How can the Constitution be understood in light of the political ideas of philosophers like Hobbes and Locke, the problems under the Articles of Confederation, and the personal motives of the...

How can the Constitution be understood in light of the political ideas of philosophers like Hobbes and Locke, the problems under the Articles of Confederation, and the personal motives of the Founders?



The need for the Constitutional Convention arose out of the failures of the Articles of Confederation.  The new nation emerged out of the American Revolution steeped in freedom, but without much in way of central guidance. This became evident in the government of the Articles of Confederation.  A "loose confederacy of states" ended up representing the new nation.  State autonomy was very high, and the result was instability in national issues. Enabling each state to print its own currency, the federal government's inability to fundamentally collect taxes, and a lack of centralized understanding helped to create a situation where the perils of freedom endangered the new nation. The bloodshed and insufficient response to Shays' Rebellion made clear to the Framers that the Articles were not working and a new government was needed.

From this, the Constitutional Convention convened.  Charged with the original duty of revising the Articles, it became clear that a new document was going to be drafted.  The Framers were educated men, for the most part, and the teachings of previous political theorists found their way into the new document. For example, the Roman idea of representative democracy was evident in the discussions.  The theories of John Locke also found their way in the new document, specifically with the idea of "the consent of the governed. " Hobbesian notions of the social contract in which individuals recognize that a small sacrifice of personal freedom for social good is needed.  Montesquieu's separation of powers helped to formulate the structure of the new document, while Voltaire's emphatic defense of individual rights helped to develop the Bill of Rights.  The Constitution displayed the Framers' understanding of political theory and philosophers.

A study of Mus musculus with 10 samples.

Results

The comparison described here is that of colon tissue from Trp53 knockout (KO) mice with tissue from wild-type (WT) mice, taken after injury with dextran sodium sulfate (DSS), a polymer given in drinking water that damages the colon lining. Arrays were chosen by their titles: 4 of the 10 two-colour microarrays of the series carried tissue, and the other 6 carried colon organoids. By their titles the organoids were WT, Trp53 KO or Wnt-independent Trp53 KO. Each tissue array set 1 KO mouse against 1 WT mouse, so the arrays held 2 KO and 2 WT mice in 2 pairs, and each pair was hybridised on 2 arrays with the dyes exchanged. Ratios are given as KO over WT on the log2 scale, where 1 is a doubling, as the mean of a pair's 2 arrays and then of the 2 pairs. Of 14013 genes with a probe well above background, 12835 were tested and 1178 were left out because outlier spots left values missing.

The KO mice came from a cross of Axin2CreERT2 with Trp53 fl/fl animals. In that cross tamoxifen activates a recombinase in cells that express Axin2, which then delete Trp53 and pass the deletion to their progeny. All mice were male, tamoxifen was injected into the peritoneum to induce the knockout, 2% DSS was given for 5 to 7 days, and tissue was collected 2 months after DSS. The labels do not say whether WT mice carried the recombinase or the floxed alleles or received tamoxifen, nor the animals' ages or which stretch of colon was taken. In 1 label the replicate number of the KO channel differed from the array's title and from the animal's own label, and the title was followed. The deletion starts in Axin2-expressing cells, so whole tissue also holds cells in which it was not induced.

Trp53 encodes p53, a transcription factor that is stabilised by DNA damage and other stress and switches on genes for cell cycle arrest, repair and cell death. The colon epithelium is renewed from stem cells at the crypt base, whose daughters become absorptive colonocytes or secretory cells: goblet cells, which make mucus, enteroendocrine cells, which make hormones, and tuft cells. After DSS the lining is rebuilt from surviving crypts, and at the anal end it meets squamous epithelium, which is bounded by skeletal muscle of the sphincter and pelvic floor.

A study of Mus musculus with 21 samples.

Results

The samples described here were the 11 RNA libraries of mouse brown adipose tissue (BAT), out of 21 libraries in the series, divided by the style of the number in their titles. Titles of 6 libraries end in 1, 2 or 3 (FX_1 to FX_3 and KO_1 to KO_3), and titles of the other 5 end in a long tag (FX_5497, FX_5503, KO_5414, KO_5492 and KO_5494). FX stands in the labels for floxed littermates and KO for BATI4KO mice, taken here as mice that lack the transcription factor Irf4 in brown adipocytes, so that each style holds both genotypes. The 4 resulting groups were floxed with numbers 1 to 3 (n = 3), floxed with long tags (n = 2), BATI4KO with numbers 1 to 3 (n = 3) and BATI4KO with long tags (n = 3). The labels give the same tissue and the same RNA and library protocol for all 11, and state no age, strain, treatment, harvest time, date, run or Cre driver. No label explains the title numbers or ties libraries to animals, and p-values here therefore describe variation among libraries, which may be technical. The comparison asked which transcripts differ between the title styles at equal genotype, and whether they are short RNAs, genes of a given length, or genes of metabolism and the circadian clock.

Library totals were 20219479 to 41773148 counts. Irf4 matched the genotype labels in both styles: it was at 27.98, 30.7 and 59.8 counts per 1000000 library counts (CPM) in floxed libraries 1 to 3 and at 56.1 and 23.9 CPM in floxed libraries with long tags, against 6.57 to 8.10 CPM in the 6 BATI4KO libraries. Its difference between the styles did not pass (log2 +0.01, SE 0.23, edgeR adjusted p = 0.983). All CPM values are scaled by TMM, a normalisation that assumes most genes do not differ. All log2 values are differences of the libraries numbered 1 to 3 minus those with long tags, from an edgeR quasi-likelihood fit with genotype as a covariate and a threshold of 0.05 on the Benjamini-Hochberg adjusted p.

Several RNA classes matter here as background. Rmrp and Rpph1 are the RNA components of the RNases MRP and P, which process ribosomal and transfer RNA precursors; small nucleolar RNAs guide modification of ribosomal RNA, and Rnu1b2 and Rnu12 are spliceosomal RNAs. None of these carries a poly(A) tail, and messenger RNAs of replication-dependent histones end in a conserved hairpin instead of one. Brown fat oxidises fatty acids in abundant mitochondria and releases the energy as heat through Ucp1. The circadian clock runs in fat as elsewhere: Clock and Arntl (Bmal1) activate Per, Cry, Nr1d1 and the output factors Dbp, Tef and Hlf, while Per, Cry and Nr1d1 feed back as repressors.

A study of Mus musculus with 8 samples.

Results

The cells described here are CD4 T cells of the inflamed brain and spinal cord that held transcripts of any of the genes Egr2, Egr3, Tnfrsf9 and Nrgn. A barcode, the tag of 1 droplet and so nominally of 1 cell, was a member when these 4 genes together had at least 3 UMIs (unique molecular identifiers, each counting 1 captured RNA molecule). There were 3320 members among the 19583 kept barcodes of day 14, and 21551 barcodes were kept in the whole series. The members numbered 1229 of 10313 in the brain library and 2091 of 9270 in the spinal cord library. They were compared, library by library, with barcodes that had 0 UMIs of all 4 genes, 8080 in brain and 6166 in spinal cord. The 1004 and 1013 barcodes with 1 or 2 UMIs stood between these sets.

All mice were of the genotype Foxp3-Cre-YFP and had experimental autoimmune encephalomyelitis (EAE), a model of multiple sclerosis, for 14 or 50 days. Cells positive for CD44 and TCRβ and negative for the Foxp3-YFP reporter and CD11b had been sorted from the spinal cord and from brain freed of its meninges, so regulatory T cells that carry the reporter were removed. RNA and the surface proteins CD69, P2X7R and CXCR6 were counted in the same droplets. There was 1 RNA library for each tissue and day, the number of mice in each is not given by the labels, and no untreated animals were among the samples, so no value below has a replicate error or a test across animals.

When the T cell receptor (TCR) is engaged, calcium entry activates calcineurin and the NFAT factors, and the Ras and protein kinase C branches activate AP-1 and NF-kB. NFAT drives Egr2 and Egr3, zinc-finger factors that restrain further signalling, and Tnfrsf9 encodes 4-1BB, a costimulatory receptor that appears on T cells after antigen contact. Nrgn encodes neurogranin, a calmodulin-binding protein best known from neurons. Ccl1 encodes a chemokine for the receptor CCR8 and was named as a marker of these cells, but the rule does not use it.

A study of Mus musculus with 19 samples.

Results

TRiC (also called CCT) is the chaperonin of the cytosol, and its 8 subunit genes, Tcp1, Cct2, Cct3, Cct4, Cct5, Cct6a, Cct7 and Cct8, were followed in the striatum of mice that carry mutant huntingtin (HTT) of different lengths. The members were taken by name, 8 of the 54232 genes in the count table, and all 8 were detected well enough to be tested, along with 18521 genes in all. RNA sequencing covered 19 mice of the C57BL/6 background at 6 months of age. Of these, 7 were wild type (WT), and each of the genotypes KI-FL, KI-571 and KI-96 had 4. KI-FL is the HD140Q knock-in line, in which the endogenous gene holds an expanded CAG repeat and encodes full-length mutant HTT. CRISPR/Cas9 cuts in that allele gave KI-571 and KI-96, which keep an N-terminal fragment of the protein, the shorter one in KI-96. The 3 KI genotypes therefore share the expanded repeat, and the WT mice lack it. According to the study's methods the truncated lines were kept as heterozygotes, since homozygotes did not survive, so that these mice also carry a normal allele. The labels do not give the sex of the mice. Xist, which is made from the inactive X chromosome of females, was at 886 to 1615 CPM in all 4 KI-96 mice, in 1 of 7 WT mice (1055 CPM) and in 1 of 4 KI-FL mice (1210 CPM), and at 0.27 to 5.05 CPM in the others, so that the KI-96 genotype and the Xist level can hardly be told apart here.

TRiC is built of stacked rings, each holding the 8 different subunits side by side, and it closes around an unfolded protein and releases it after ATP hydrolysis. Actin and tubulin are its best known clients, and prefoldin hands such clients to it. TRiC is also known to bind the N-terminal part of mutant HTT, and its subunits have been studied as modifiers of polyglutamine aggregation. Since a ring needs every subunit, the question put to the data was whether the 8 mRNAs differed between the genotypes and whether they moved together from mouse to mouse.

Political theory helped to match the Framers' desire to consolidate their own power.  Thinkers like Howard Zinn argue that those in the position of power “either control the government directly or control the laws by which government operates.”  Certainly, this could be seen in the formation of the Constitution.  The personal motives of the Framers were advanced in the writing of the Constitution.  The Constitutional Convention, itself, was closed to the public.  Power was not actively shared in the final document.  Women, people of color, Native Americans were not included in the end vision.  Power was kept in the hands of wealthy men who were members of the dominant social group.  Issues like slavery were never abolished.  While there was a rift between the states that owned slaves and those that did not, the Constitutional Convention failed to take any meaningful action on the issue.  It sought to preserve the Status Quo for the Framers, more than anything else.  

The Framers recognized that one of the real challenges in Shays' Rebellion was how their own power can be easily threatened and evaporate.  Shays' Rebellion exposed how structure and order was needed in order to develop a foundation in which power can be replicated and success can be seen over time. The Constitution's appeals to stability were evidenced of how the document helped to enhance the Framers' personal motives.  In this way, the Constitution can be seen as a work of political genius in how it asserts the theories of representative democracy and individual rights as well as a document that preserves the power structure.  Such a reality takes into account “the economic interests, the social backgrounds, of the makers of the Constitution."  In this light, political theory and socio- economic reality find a home in the formation of the Constitution.